Leviticus 11:10
And all that have not fins and scales in the seas, and in the rivers, of all that move in the waters, and of any living thing which is in the waters, they shall be an abomination to you:
(10) Of all that move in the waters.—That is, apart from the fishes exhibiting the above-named signs, all other inhabitants of the water are forbidden. Hence all shell-fish, whether molluscs or crustaceans, and cetaceous animals, are unclean.

11:1-47 What animals were clean and unclean. - These laws seem to have been intended, 1. As a test of the people's obedience, as Adam was forbidden to eat of the tree of knowledge; and to teach them self-denial, and the government of their appetites. 2. To keep the Israelites distinct from other nations. Many also of these forbidden animals were objects of superstition and idolatry to the heathen. 3. The people were taught to make distinctions between the holy and unholy in their companions and intimate connexions. 4. The law forbad, not only the eating of the unclean beasts, but the touching of them. Those who would be kept from any sin, must be careful to avoid all temptations to it, or coming near it. The exceptions are very minute, and all were designed to call forth constant care and exactness in their obedience; and to teach us to obey. Whilst we enjoy our Christian liberty, and are free from such burdensome observances, we must be careful not to abuse our liberty. For the Lord hath redeemed and called his people, that they may be holy, even as he is holy. We must come out, and be separate from the world; we must leave the company of the ungodly, and all needless connexions with those who are dead in sin; we must be zealous of good works devoted followers of God, and companions of his people.
]Any fish, either from salt water or fresh, might be eaten if it had both scales and fins. but no other creature that lives in the waters. Shellfish of all kinds, whether mollusks or crustaceans, and cetaceous animals, were therefore prohibited, as well as fish which appear to have no scales, like the eel; probably because they were considered unwholesome, and (under certain circumstances) found to be so. 9. These shall ye eat … whatsoever hath fins and scales—"The fins and scales are the means by which the excrescences of fish are carried off, the same as in animals by perspiration. I have never known an instance of disease produced by eating such fish; but those that have no fins and scales cause, in hot climates, the most malignant disorders when eaten; in many cases they prove a mortal poison" [Whitlaw]. i.e. Either of the smaller sort of fishes, or of the greater, which are called here living creatures or beasts, as some of them are called the beasts of the sea by other authors. And all that have not fins nor scales in the seas, and in the rivers,.... Such as eels, lampreys, &c.

of all that move in the waters, and of any living thing which is in the waters; the former of these are interpreted by Aben Ezra and Ben Gersom of little fishes that have but a small body, and such as are created out of the waters; and the latter, of such as are produced of a male and female; or, as Maimonides (r) explains it, the one signifies the lesser creatures, such as worms and horse leeches; the other greater ones, sea beasts, as sea dogs, &c.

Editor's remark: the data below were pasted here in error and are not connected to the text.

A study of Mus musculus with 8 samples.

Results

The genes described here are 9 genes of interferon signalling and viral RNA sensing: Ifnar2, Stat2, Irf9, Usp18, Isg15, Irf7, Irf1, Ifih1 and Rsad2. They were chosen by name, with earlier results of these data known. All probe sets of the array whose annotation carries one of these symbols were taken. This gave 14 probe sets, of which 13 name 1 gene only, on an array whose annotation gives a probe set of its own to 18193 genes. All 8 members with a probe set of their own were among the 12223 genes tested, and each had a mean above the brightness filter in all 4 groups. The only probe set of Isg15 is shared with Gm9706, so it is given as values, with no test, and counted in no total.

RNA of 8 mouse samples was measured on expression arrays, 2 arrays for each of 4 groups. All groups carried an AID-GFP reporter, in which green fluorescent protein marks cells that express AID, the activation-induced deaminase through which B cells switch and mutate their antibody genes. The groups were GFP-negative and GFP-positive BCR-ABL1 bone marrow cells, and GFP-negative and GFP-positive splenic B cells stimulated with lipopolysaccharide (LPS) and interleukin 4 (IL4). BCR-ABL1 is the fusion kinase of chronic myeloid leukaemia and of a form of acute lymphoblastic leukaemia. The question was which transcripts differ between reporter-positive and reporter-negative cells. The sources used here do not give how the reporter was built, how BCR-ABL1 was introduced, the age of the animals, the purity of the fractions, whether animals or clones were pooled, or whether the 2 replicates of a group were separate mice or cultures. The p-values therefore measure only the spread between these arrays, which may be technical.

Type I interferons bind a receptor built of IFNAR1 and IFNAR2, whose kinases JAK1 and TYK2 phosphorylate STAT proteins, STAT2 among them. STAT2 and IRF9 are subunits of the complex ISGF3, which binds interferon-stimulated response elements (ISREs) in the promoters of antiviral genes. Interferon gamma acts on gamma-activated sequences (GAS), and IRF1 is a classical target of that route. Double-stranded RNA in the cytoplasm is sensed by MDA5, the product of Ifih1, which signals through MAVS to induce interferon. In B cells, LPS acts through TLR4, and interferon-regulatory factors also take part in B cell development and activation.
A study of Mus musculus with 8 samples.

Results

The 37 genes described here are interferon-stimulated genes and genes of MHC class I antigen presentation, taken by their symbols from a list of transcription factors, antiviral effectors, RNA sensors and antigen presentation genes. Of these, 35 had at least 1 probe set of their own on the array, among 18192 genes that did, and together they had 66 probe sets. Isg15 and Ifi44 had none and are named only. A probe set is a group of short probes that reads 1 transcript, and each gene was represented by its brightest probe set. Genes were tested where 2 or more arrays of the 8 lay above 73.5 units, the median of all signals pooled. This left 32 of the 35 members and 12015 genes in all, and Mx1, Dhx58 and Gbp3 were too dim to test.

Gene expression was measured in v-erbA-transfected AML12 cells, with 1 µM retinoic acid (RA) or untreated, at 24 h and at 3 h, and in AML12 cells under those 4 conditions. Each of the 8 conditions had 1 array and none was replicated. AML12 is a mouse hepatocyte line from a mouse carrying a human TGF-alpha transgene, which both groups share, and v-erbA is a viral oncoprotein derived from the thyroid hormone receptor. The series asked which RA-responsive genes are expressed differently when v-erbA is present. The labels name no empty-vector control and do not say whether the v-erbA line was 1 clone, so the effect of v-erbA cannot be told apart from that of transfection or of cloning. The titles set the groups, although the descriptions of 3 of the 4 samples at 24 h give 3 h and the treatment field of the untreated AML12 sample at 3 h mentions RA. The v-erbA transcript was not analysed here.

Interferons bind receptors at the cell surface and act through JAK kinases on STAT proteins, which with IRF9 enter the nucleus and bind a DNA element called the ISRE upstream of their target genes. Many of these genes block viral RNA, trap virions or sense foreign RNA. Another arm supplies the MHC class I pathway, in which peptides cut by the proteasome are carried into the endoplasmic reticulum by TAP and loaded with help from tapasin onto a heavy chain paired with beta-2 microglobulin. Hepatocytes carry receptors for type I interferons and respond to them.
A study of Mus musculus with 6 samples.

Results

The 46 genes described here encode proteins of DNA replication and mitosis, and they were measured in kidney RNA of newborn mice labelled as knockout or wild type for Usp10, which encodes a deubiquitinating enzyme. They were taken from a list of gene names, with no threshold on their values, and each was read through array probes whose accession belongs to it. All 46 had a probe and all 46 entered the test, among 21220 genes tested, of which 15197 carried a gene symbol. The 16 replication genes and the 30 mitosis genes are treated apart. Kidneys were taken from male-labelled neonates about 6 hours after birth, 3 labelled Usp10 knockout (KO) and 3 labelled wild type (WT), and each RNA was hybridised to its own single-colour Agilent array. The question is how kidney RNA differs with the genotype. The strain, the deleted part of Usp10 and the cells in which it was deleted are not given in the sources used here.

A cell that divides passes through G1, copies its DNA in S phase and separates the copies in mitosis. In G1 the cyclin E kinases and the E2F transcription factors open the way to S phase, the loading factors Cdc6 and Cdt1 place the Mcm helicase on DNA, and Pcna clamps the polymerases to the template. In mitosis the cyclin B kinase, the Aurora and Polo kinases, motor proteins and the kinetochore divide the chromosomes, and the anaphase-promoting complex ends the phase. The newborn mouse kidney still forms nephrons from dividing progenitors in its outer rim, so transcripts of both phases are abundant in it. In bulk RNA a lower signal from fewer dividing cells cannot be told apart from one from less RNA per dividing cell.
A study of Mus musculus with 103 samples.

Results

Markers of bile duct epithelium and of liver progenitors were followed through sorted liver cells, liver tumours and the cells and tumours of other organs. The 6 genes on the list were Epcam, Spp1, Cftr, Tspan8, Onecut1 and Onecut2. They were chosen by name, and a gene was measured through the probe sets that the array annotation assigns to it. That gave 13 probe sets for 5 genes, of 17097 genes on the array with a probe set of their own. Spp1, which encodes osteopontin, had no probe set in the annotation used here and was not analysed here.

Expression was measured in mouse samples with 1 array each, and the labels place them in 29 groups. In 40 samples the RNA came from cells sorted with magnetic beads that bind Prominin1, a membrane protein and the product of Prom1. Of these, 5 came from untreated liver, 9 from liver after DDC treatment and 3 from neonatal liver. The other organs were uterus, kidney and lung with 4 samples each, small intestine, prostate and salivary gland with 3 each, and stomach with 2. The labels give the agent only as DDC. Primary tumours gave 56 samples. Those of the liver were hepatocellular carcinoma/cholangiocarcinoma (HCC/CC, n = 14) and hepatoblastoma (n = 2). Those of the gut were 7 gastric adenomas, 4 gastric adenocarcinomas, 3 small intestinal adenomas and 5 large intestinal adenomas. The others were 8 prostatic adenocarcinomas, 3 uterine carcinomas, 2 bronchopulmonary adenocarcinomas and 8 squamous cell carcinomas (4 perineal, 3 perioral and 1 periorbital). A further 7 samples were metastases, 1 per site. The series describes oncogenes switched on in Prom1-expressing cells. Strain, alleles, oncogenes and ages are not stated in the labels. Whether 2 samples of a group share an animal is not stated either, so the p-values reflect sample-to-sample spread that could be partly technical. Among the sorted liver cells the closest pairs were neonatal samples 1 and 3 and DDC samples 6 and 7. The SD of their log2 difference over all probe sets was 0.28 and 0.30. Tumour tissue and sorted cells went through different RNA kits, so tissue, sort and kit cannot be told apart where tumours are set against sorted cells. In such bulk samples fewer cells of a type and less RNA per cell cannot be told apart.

they shall be an abomination to you; not only unclean, and so unfit to eat, but to be had in abhorrence and detestation, as being exceeding disagreeable and unwholesome; and, as a learned man observes (s), to these prohibited in general belong all those animals in lakes, rivers, or seas, which are of a slow motion, and which, because of the slow motion of their bodies, do not so well digest their food; and for that may be compared with four footed beasts that have but one belly, and so unwholesome as they.

(r) Hilchot Maacolot Asuret, l. 1. c. 2. sect. 12. (s) Scheuchzer. ut supra, (Physic. Sacr. vol. 2.) p. 287.

And all that have not fins and scales in the seas, and in the rivers, of all that {d} move in the waters, and of any {e} living thing which is in the waters, they shall be an abomination unto you:

(d) As little fish begotten in the slime.

(e) As they which come of generation.

EXEGETICAL (ORIGINAL LANGUAGES)
Any animal which was wanting in either of these marks was to be unclean, or not to be eaten. This is the case with the camel, whose flesh is eaten by the Arabs; it ruminates, but it has not cloven hoofs. Its foot is severed, it is true, but not thoroughly cloven, as there is a ball behind, upon which it treads. The hare and hyrax (Klippdachs) were also unclean, because, although they ruminate, they have not cloven hoofs. It is true that modern naturalists affirm that the two latter do not ruminate at all, as they have not the four stomachs that are common to ruminant animals; but they move the jaw sometimes in a manner which looks like ruminating, so that even Linnaeus affirmed that the hare chewed the cud, and Moses followed the popular opinion. According to Bochart, Oedmann, and others, the shaphan is the jerboa, and according to the Rabbins and Luther, the rabbit or coney. But the more correct view is, that it is the wabr of the Arabs, which is still called tsofun in Southern Arabia (hyrax Syriacus), an animal which feeds on plants, a native of the countries of the Lebanon and Jordan, also of Arabia and Africa. They live in the natural caves and clefts of the rocks (Psalm 104:18), are very gregarious, being often seen seated in troops before the openings to their caves, and extremely timid as they are quite defenceless (Proverbs 30:26). They are about the size of rabbits, of a brownish grey or brownish yellow colour, but white under the belly; they have bright eyes, round ears, and no tail. The Arabs eat them, but do not place them before their guests.

(Note: See Shaw, iii. p. 301; Seetzen, ii. p. 228; Robinson's Biblical Researches, p. 387; and Roediger on Gesenius thesaurus, p. 1467.)